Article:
Jordan Spieth is a champion. Even though you may not follow golf, you probably have heard his name over the last week or so. For those that don’t live and die by the little round white ball, Jordan Spieth recently won the Masters, an annual golf championship that is reserved for the best golfers in the world. Jordan Spieth isn’t the first Masters champion (it’s been played nearly every year since 1934) and he certainly won’t be the last. So what makes Jordan’s win so impressive? His age. Jordan Spieth is 21.
I remember in the late 90’s when I was first entering the mortgage industry. I hadn’t yet graduated from college when I applied for and gained employment in a rather prestigious position in my industry at a large, well known bank. A position usually held by co-workers at least 10 years older than I was at the time. I was too naïve to see the resentment then that I would go on to receive from older coworkers who had been doing the job that I was hired to do for 20 years. I can’t help but look back and think that they thought less of me because I was much younger than they were; That because of my age, I couldn’t perform the job as good or better than they could. I remember hating it then, and I still hate it today.
Do I dare say that I think many of us have a visceral reaction when we see someone achieve success at a young age? I still work in an industry that is dominated by older, more experienced leaders. It’s typical for a person entering my industry to start at the bottom and work their way to the top. It’s also typical for those high energy, highly capable workers entering at the bottom to get burned out by the slow moving process of promotion and move on to greener pastures. We’re stuck believing that if someone is successful at an age that is younger than usual for the industry or sport they compete in, they must not have earned it. We are letting go of talented, brilliant minds that go on to other companies and excel in their industry. It’s stupid.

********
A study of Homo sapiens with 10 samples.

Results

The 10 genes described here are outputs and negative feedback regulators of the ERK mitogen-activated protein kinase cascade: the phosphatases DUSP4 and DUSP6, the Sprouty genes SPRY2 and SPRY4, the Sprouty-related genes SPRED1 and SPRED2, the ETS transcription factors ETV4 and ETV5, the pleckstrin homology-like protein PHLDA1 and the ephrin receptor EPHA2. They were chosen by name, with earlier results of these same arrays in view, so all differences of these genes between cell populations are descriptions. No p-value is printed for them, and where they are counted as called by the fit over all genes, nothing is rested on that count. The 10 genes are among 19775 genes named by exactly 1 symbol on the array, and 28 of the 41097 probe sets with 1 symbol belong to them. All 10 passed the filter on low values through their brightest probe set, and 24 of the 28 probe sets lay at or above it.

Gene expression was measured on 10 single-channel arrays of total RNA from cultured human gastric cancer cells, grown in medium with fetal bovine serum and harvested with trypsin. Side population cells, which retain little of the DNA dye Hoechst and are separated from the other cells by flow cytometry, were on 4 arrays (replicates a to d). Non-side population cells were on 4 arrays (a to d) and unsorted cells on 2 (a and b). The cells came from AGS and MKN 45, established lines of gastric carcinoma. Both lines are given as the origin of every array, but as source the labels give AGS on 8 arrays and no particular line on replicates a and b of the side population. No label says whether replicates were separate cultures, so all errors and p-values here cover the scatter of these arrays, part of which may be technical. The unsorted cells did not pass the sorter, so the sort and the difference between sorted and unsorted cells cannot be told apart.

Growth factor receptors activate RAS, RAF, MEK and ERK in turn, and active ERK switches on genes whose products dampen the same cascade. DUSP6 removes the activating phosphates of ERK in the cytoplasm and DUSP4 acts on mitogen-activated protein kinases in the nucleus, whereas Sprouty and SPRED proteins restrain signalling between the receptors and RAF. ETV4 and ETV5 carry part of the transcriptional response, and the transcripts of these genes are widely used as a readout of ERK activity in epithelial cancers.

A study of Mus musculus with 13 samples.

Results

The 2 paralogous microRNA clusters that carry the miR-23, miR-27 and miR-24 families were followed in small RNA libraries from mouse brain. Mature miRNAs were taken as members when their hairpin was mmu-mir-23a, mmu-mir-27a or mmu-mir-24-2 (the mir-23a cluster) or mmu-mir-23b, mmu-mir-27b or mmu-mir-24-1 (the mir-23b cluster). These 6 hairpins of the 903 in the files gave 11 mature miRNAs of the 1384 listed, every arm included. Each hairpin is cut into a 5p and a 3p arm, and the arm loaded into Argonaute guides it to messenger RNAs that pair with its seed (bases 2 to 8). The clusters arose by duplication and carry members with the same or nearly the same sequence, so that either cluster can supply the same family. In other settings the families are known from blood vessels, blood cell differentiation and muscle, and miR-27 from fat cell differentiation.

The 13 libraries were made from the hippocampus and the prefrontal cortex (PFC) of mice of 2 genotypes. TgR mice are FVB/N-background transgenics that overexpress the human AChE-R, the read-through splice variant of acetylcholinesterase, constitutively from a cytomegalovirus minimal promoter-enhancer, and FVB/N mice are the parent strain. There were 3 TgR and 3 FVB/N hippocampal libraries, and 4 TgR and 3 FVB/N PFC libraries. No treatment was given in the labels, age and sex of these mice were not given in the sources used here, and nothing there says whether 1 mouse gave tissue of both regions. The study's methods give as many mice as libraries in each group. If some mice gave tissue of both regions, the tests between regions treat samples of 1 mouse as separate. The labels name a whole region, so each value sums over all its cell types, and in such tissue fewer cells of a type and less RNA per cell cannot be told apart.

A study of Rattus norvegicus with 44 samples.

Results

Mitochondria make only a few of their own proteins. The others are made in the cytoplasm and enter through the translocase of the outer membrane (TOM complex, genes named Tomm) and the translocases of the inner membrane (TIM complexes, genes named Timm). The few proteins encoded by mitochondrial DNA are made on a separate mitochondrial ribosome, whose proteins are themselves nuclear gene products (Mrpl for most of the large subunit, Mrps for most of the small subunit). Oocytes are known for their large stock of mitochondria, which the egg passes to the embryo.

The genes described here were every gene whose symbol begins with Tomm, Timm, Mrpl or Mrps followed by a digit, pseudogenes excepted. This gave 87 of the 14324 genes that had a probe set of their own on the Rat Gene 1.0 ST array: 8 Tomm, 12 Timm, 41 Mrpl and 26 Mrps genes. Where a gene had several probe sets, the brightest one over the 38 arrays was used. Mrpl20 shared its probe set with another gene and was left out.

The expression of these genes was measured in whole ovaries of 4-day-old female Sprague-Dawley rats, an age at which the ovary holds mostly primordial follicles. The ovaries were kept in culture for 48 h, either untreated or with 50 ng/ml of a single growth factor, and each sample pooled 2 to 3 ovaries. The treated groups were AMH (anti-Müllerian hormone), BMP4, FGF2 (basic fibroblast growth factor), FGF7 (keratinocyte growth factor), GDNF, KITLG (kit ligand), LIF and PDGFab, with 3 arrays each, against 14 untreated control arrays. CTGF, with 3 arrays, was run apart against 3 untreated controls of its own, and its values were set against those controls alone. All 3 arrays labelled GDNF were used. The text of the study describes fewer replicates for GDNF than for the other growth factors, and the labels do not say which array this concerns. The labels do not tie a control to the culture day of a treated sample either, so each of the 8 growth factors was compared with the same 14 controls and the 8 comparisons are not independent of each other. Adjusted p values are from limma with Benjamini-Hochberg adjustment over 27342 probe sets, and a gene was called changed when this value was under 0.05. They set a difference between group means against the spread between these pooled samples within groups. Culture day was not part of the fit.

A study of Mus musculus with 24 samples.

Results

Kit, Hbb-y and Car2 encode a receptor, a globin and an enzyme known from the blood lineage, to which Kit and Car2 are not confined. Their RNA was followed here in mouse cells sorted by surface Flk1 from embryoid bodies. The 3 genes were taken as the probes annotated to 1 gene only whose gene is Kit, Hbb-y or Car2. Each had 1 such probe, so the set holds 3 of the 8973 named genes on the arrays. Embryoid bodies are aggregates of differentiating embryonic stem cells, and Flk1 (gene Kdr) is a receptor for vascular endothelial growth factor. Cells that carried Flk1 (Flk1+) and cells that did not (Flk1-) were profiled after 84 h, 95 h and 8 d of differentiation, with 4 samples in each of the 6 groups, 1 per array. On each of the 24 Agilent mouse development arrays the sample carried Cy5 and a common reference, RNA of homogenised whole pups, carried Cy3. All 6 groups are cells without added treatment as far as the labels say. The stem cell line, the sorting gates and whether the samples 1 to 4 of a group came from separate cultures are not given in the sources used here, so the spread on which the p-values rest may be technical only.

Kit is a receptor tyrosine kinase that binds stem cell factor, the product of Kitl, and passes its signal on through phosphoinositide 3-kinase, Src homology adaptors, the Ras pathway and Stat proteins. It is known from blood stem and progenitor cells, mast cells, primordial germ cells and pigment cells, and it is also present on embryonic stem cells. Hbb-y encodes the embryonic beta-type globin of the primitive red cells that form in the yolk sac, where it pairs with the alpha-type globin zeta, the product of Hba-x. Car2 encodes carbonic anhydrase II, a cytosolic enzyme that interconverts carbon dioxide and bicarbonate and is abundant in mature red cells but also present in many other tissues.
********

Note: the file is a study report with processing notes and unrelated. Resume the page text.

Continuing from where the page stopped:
Technology has become a great equalizer in sports and business. Young people have grown up attached at the hip (literally) to computers, smart phones, tablets, and have for the most part, instant access to technology at their disposal. They are super users of these tools while some of us are resisting to adapt. Where at one point experience and length of time in the industry was king, creativity and ingenuity have surpassed those benchmarks in today’s tech enabled world.
Mark Zuckerberg started Facebook at age 19. Steve Jobs started Apple computers in his mom’s garage when he was 21. Jesse Owens won four gold medals in the Berlin Olympics in 1934 at the age of 22. The truth is, age and experience is just a number. Business wise, I think it’s important to reiterate that there can be a place for everyone, at any age, to fit into a company’s success. I know we need the experienced, those that have proven time and time again to be capable of the job. But we also need young minds that can bring to the industry new technologies and new ways of thinking. As leaders in your industry or sport, please don’t choke out these new minds. Don’t sidestep their contribution to the success of the company. Take advantage of what the young can bring to your business or risk losing them forever as they jump ship. It’s why putting an age limit on success is stupid.